Brisbane State High School students have put their legal nous on show, beating teams from 106 schools around Australia to come out on top of the prestigious Bond University High School Mooting Competition, the only one of its kind in Australia.

Year 12 students Eamon O'Shea, Isaac Douglas and Joanne Chen were named the winners after going head to head with students from fellow Brisbane school, St Margaret's Anglican Girls' School, at the recent grand final moot (Saturday, 2 August 2014).

Isaac Douglas also took out the accolade of 'overall outstanding advocate', while St Margaret's Anglican Girls' School student Josephine Booth received one of three 'outstanding advocacy' awards.

The remaining 'outstanding advocacy' award winners were Amy Hiscox, from John Paul College in Coffs Harbour, and Sam Gangeemi, from Kingaroy State High School.

The overall winners and advocacy award winners have each been offered a 40 per cent scholarship to study law at Bond University.

The competition was judged by some of Australia's most respected legal figures, including The Honourable Justice Robert Gotterson AO of the Supreme Court of Queensland, retired District Court of Queensland Judge John Newton and Bond University’s Assistant Professor Louise Parsons.

The mooting competition involved two opposing teams forming and presenting legal arguments by applying legal rules to a factual situation similar to those dealt with by the courts every day.

The competition was based on the fictitious case of a boy who swung from a frayed rope and fell into a river and was paralysed as a result.

Brisbane State High School legal studies teacher Kat Gallagher said Eamon, Isaac and Joanne had been working for months on their arguments - acting as both the respondent and the appellant at different stages in the competition.

"It has really helped to improve their communication skills and their confidence, and has given them real life experience in the area they are interested in, showing them how the legal system works in practice," she said.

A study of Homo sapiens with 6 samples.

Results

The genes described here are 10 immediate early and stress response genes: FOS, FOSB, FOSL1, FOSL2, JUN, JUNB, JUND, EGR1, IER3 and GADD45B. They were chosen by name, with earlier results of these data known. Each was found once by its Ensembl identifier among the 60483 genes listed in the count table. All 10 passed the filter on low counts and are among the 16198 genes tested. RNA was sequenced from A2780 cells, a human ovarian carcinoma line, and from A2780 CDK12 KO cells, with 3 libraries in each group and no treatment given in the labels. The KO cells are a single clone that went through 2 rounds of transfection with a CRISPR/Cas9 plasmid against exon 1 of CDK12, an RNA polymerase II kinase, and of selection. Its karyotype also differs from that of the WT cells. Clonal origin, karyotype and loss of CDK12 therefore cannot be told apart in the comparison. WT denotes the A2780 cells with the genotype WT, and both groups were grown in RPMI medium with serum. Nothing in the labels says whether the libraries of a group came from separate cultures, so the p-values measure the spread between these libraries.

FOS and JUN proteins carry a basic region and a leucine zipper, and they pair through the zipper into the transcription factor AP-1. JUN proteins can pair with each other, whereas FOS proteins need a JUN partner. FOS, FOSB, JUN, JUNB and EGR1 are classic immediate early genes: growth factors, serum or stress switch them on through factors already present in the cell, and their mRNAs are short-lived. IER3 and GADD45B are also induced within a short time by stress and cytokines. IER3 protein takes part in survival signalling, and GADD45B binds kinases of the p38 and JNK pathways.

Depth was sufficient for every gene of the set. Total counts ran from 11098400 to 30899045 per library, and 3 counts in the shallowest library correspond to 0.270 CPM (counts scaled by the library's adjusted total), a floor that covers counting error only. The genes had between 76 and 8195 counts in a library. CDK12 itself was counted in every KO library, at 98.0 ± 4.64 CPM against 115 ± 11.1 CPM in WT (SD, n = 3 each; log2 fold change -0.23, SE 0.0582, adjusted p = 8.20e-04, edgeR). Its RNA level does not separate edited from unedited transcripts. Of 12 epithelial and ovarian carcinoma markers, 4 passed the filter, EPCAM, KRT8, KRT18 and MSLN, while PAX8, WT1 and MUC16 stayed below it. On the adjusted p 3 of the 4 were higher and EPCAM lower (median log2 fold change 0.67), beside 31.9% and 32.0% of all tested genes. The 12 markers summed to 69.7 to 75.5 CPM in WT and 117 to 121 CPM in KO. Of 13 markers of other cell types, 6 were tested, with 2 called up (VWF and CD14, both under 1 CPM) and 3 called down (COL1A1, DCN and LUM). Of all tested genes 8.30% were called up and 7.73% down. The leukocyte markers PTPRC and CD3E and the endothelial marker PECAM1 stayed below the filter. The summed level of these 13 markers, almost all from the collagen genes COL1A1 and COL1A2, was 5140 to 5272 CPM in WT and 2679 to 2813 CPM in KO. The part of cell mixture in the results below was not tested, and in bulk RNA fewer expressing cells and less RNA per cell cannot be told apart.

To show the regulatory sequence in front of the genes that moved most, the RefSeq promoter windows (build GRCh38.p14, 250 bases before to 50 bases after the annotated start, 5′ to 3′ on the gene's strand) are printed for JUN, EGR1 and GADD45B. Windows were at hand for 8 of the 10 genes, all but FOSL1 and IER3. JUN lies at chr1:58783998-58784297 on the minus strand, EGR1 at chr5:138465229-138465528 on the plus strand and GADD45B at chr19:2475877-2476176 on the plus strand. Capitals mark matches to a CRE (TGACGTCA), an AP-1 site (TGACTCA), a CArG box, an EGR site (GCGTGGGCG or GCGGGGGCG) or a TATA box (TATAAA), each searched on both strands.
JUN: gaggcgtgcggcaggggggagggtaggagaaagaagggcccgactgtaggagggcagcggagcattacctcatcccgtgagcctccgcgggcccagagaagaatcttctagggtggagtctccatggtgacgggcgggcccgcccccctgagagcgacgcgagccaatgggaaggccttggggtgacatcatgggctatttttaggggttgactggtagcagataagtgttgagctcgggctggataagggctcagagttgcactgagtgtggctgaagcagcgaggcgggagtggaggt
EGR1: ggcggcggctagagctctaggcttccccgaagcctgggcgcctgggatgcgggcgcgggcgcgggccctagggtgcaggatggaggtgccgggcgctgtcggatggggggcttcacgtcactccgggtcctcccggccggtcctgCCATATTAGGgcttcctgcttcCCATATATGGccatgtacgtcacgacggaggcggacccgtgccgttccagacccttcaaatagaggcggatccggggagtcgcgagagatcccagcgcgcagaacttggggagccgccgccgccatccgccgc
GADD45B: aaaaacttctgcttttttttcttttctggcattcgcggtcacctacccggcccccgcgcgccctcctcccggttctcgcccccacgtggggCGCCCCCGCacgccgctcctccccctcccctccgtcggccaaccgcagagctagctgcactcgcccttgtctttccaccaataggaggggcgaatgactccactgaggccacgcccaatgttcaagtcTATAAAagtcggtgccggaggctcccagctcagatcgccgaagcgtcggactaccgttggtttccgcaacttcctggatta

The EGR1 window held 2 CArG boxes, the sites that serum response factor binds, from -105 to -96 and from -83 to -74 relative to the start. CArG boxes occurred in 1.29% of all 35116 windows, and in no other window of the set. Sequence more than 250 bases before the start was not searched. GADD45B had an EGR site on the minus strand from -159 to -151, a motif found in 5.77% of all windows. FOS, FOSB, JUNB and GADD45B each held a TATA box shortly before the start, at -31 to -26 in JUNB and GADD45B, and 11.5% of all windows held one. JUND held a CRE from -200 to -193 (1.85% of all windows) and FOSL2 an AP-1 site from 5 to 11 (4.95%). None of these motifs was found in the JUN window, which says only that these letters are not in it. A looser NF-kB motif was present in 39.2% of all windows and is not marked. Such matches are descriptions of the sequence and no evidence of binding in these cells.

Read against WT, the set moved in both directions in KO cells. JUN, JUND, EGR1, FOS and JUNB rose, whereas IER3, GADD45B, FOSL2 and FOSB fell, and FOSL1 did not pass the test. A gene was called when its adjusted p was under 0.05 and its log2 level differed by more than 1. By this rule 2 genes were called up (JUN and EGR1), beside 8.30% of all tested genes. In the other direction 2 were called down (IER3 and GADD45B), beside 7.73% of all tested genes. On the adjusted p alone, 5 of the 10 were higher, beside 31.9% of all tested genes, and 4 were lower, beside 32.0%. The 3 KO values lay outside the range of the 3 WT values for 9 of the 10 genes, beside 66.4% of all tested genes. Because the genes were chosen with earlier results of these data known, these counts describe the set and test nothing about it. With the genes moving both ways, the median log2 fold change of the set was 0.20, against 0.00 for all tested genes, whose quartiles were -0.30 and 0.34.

"They have had to research and take responsibility for their own learning, doing a lot of independent work without much assistance and meeting up for hours each week, both with and without the input of a teacher.

"It has been really impressive to see their dedication."

Assistant Professor Louise Parsons said the team from Brisbane State High School had shown a real aptitude for a career in law.

"The preparation they put into their legal argument was obvious and the standard of their advocacy skills was second to none," she said.

"Across the board, the talent this year was exceptional and it is always exciting to witness the lawyers of tomorrow getting their first real taste of what it would be like to work in this environment."

Assistant Professor Parsons said the competition allowed students to apply the skills they had learnt in the classroom.

"It is all about introducing high school students to a real courtroom environment," she said.

"The facilities we use here at Bond University are replicas of what they would see in any courtroom around the country. The High School Mooting Competition gives them practical experience, and they also get further insight into the workings of the Australian legal system.”

"To receive feedback from judges of the calibre we had involved in the competition is also a major coup for any aspiring lawyer."

However, Assistant Professor Parsons said the competition wasn't just aimed at those wanting to pursue a career in law.

"No matter what field students ultimately see themselves in, the skills needed to be victorious in a moot really underpin those needed to achieve success in any field," she said.

"These include critical thinking, analysis, problem solving and communication."